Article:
First Love

In 1976 I turned eighteen.  There was a clubhouse in the Knobs that was known for its Saturday night dances.  That’s where I met Angela.  She was seventeen and had long, dark hair and shapely curves.  At semi arms length, she was revolving to a slow song with another young man.  When she dislodged from the boy, she accepted my offer to dance.  Luna moths flittered by incandescent lamps as we strolled to the windless balcony.  After a few opening lines, she said she lived on a farm down the road where her parents grew watermelons.

“What do you do, Michael?” she asked.

I was currently working part-time at a bakery.  Friends always jested that I rolled in the dough.  The owner had the prestigious title of Cake Decorator.  I was the pan washer.  Every day after school I would slave away by a monstrous dishwasher.  The owner would swirl Happy Birthdays in an air-conditioned room while I was sweating beside a giant furnace-like droid.  Another short, hunched man who obviously spent his entire life there would roll semi-truck loads of dirty bakery pans smudged with a gooey mixture of cherry jelly, dried chocolate, and sticky glaze.  He rolled.  I washed.

“I’m an executive bakery assistant,” I finally said, hoping that she would respond positively.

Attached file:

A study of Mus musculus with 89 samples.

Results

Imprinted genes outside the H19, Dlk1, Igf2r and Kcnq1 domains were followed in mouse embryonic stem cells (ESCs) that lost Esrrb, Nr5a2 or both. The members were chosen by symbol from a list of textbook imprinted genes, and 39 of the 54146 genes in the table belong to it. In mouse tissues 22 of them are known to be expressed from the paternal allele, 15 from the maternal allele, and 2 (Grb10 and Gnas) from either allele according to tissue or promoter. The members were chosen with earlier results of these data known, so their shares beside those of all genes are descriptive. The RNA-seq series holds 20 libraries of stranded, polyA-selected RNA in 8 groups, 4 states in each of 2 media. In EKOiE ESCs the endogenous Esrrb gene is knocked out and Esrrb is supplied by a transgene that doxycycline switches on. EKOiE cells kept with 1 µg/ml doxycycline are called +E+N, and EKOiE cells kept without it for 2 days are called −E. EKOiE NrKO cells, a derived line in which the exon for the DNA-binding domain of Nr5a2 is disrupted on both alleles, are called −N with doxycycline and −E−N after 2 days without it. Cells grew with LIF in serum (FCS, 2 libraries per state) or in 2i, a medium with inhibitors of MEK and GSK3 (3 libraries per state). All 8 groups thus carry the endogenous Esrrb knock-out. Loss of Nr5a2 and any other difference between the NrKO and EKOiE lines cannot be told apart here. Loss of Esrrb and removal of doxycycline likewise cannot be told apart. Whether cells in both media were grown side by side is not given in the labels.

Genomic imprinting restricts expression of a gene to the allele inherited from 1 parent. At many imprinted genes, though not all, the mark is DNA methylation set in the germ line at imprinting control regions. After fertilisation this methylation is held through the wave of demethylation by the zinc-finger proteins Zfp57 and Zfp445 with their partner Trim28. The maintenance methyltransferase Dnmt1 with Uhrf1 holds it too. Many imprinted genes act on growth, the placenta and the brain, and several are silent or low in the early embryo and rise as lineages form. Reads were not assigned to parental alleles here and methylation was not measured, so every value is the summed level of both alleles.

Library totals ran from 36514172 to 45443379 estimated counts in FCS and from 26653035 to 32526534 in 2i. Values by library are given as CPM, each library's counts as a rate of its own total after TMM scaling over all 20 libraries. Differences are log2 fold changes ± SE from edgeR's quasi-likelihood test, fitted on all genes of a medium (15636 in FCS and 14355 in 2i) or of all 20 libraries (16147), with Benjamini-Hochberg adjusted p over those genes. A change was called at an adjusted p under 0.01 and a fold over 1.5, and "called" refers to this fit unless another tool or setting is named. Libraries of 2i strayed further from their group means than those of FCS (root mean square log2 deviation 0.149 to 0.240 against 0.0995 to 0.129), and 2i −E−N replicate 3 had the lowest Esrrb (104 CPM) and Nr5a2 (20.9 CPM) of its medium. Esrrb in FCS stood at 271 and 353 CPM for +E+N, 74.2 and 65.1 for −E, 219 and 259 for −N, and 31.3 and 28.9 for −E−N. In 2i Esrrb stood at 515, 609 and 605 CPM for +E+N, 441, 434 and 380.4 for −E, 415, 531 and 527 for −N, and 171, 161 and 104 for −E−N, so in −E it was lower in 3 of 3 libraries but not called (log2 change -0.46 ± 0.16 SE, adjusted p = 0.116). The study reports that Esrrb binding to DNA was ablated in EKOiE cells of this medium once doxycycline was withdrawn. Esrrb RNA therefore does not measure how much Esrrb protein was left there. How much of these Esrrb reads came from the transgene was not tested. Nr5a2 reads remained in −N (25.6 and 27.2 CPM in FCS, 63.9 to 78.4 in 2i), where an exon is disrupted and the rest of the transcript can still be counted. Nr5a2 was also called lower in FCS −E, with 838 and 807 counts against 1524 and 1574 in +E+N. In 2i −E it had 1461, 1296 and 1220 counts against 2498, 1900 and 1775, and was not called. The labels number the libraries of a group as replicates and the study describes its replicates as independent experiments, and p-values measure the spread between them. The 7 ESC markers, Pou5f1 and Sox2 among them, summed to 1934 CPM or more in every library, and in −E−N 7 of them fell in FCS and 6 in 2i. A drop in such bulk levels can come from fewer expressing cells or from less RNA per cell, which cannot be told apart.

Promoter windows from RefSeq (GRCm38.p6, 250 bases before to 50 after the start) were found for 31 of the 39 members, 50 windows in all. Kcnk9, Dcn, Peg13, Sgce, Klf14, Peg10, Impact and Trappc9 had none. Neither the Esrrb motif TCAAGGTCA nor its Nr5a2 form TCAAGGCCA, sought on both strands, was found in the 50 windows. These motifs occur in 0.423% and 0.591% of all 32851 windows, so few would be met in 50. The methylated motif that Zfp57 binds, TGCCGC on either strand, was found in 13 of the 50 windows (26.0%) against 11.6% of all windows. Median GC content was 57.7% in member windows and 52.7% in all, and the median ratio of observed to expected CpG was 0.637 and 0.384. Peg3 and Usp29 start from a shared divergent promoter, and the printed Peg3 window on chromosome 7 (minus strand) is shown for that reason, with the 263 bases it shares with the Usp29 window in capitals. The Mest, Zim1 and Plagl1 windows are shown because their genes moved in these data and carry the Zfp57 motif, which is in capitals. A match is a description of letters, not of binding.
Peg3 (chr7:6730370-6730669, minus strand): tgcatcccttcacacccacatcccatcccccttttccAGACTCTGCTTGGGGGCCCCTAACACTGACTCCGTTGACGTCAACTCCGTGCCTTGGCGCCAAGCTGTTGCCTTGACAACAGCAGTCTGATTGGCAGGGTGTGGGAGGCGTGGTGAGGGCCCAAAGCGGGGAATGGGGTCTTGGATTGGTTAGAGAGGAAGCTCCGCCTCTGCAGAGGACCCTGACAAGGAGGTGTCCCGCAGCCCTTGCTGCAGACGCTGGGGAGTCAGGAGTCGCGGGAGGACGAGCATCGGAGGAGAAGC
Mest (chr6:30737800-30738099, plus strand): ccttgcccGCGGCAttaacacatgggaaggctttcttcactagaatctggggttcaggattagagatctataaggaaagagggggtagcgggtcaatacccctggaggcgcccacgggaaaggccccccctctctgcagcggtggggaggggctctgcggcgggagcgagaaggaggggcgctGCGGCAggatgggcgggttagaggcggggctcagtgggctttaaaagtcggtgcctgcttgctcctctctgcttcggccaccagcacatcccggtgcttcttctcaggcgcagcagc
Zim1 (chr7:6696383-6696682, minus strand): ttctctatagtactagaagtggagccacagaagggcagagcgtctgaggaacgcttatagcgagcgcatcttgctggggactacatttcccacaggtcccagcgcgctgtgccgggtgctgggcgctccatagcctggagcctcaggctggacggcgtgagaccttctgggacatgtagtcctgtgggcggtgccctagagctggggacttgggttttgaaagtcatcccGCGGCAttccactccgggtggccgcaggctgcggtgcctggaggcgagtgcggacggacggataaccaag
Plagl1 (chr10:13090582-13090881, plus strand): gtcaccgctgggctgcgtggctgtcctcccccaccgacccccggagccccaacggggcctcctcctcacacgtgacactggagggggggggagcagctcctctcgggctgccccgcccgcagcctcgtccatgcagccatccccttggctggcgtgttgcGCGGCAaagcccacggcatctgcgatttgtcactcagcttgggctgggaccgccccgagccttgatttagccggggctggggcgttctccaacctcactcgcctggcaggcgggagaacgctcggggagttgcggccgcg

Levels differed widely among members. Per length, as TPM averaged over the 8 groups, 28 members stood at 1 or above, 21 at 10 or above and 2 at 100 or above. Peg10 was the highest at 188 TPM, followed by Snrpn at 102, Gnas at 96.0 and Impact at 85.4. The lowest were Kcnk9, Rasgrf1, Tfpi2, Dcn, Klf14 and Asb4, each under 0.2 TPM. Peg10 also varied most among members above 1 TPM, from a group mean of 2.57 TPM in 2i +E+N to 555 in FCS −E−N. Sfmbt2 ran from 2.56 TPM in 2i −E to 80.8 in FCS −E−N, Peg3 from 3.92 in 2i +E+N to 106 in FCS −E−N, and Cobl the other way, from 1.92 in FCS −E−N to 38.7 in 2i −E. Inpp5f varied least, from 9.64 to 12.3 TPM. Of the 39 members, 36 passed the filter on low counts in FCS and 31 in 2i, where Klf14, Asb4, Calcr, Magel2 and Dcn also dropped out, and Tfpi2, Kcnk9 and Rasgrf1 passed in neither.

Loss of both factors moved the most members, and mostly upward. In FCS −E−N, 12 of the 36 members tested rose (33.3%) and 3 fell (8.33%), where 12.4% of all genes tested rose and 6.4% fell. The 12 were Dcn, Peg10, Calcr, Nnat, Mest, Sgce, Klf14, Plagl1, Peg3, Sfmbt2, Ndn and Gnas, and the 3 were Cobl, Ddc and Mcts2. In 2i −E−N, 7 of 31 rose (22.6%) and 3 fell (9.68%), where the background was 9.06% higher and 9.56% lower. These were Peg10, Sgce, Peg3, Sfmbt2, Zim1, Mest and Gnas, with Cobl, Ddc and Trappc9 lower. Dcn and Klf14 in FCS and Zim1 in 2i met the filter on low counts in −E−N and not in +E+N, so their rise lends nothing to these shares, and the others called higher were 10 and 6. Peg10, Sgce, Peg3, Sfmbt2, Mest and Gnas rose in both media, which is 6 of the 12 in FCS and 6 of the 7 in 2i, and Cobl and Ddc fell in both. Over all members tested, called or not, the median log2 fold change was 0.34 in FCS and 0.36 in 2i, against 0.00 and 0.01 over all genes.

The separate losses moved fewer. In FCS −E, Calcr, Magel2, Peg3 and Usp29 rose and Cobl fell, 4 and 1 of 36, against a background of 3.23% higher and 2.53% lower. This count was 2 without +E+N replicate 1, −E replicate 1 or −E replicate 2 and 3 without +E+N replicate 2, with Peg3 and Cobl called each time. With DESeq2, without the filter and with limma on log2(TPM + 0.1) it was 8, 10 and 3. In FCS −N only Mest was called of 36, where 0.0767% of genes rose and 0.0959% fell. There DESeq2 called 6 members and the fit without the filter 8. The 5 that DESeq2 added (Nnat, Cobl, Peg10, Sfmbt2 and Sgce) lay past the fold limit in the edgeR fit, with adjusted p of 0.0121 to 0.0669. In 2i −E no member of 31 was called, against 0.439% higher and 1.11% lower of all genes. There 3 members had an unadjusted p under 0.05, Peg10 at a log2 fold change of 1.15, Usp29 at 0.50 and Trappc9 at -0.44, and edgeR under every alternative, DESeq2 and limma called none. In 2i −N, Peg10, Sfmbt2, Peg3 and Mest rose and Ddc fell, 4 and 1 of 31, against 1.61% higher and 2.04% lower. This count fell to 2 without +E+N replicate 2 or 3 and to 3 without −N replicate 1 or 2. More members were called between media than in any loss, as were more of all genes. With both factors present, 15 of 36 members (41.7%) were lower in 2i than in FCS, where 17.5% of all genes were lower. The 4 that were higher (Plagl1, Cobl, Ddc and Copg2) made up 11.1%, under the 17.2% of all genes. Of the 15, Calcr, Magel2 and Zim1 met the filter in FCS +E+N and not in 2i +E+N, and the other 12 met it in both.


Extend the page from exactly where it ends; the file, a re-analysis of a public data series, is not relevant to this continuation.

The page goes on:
“Are you Iranian?” she asked without pause.  I felt her eyes settle on my Middle Eastern nose.

“No.  Why?”

“Just wondered.”

Then I explained, as convincingly as possible, that I was special because no one could figure out what I was.  After more small talk, we made our first date.

Her house stood across a small ragged bridge.  When I arrived, she was removing her trapped black cat from the ceiling of the porch.  I offered assistance, and she asked me to catch the feline while she released it to the floor.  The fat animal was making low, gurgling sounds that sounded like a cross between fear and irritation. I could see the white claws fully extended from each paw.

“Please don’t miss my kitty when I drop him,” she implored.  On a first date I felt it was important to demonstrate heroism.  It would be an honorable thing to do–to help this damsel in distress.  On the other hand, I beheld the peril that lingered overhead as I peered up at the razor sharp knives.

I saw the pleading look on Angela’s face. “Fire away,” I said, squinting my eyes with my arms over my head more for protection than anything else.  The frightened cat plummeted towards me.  It adhered itself to my head.  With my eyes still closed, I grabbed the beast on both sides of its chest.  Then the law of gravity took over.  The animal dragged its claws from my scalp and slowly ripped me into slices as it descended to the ground with a moderate thump.

“You dropped my kitty,” Angela said with disappointment in her voice as I stood bleeding to death.

“No.  I caught him.  He’s just fine…landed on all fours,” I responded, redeeming myself as best I could.

Although our youthful minds were usually light years apart, Angela seemed to be the first person who understood my desire to find my biological origins.

From In Search of Mom- Journey of an Adoptee, ©1998 by Michael C. Watson.